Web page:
As the Denver Broncos continue to revamp their offense for 2019, they drafted the uber-athletic tight end Noah Fant from Iowa with the 20th overall pick. Standing at 6’4” and weighing 249 pounds, Fant runs a 4.5 40-yard dash, which makes him a prospect with a ton of upside. With his athletic profile, Fant has the tools needed to do damage down the field when lined up as a tight end or slot receiver, something that the Broncos have desperately needed over the last few years.
Fant earned a receiving grade of 80.6 at Iowa last season, ranking 11th out of the 39 tight ends who saw at least 40 targets. Last year was the highest-graded season of his three-year college career, and he increased his grade by at least five points every year. At only 21 years old, Fant’s continued progression is a good sign for the Broncos.
Fant was targeted 60 times last season, and he generated a passer rating of 131.2 on those targets that ranked fourth among tight ends. Showcasing his big-play ability, Fant caught seven touchdowns, which was tied for fifth-most among all tight ends, and he also gained 149 yards on throws that traveled at least 20 yards downfield, ranking 11th. With a big arm like Joe Flacco throwing to him, Fant should be able to make even more big plays in Denver.
As Fant transitions to the NFL, he will surely be asked to play in the slot as other top tight ends like Travis Kelce and George Kittle regularly do. In college last season, Fant played 331 snaps as an inline tight end and 139 snaps in the slot, so he’s definitely not a stranger to lining up on the inside. In fact, Fant had the highest receiving grade (71.2) from the slot among tight ends in this draft class. He also gained an average of 2.67 yards per route run in the slot, ranking second among tight ends in the class.
Luckily for Fant, Flacco has a history of doing well when targeting the tight end position. Throughout his career, Flacco has a passing grade of 86.5 when targeting tight ends, as well as an adjusted completion percentage of 74.6% and an average of 7.2 yards per attempt, all of which are solid marks.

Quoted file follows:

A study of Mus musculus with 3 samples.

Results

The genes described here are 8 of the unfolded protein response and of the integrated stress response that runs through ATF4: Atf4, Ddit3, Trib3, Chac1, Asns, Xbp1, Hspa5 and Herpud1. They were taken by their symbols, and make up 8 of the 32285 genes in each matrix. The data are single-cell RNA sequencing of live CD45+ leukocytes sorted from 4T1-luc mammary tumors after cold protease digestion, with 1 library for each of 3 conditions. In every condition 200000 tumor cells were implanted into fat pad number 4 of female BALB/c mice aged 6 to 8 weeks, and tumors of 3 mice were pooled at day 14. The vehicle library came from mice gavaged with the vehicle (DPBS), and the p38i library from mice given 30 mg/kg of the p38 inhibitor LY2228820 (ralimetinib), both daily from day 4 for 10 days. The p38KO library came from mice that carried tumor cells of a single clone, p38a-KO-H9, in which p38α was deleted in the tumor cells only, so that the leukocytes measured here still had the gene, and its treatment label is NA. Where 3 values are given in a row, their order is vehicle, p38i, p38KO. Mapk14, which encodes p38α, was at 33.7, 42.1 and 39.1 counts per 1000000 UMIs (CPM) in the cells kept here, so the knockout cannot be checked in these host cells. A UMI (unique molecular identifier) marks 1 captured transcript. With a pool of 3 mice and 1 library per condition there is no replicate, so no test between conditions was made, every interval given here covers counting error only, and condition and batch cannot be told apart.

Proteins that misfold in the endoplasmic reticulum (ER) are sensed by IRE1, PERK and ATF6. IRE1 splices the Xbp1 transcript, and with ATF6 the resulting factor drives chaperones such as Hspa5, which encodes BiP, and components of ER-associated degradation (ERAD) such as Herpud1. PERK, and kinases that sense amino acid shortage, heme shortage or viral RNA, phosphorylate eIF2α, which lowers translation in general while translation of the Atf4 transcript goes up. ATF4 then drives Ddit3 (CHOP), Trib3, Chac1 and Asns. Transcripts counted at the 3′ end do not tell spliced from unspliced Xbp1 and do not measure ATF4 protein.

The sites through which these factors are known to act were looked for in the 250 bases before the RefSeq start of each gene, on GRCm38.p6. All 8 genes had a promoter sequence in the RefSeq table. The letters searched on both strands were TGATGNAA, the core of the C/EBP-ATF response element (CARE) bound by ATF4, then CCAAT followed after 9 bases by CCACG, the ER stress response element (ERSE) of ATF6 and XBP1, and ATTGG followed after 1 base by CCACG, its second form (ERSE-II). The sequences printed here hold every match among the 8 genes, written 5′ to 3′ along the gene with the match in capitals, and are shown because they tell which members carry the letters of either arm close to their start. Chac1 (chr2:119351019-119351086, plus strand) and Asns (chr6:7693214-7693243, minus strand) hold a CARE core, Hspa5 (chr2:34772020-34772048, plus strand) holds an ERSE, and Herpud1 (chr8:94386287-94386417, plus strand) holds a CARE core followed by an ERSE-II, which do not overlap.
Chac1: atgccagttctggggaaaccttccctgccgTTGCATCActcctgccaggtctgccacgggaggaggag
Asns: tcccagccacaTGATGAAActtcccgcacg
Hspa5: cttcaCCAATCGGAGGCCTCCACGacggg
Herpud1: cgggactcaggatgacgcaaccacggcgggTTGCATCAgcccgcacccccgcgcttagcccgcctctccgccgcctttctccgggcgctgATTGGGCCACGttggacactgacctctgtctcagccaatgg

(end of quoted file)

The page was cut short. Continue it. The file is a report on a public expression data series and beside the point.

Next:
In an earlier article, I explained how Flacco would be a good fit with Emmanuel Sanders due to both of their success on the go route. The same is true for Flacco and Fant, as Fant did serious damage when targeted on go routes over the past two years, catching 9-of-23 go-route targets for 278 yards and four touchdowns.
After 11 seasons in the NFL, Flacco still loves the go route as much as any other quarterback. Last season, Flacco went 19-55 for 400 yards, six touchdowns, and just one interception on go routes, making him a perfect pair for Noah Fant, who has more than enough explosiveness to get open downfield. As stated in our article on draft grades for all 32 teams, Fant is a “freakish athlete that can be a mismatch for defenses when asked to run in a straight line.”
Fant has all the physical tools needed to play the position well, and with a premier outside threat in Emmanuel Sanders alongside him and an explosive back in Phillip Lindsay behind him, Fant also has guys who can help free up his game.
And last but not least, Fant’s new offensive coordinator, Rich Scangarello, spent the last couple seasons as the quarterbacks coach in San Francisco under Kyle Shanahan, assisting in an offense that was responsible for George Kittle’s monstrous breakout year. If Scangarello can bring those same concepts that helped catapult Kittle to the top last season, the ceiling is miles high for Noah Fant in Denver.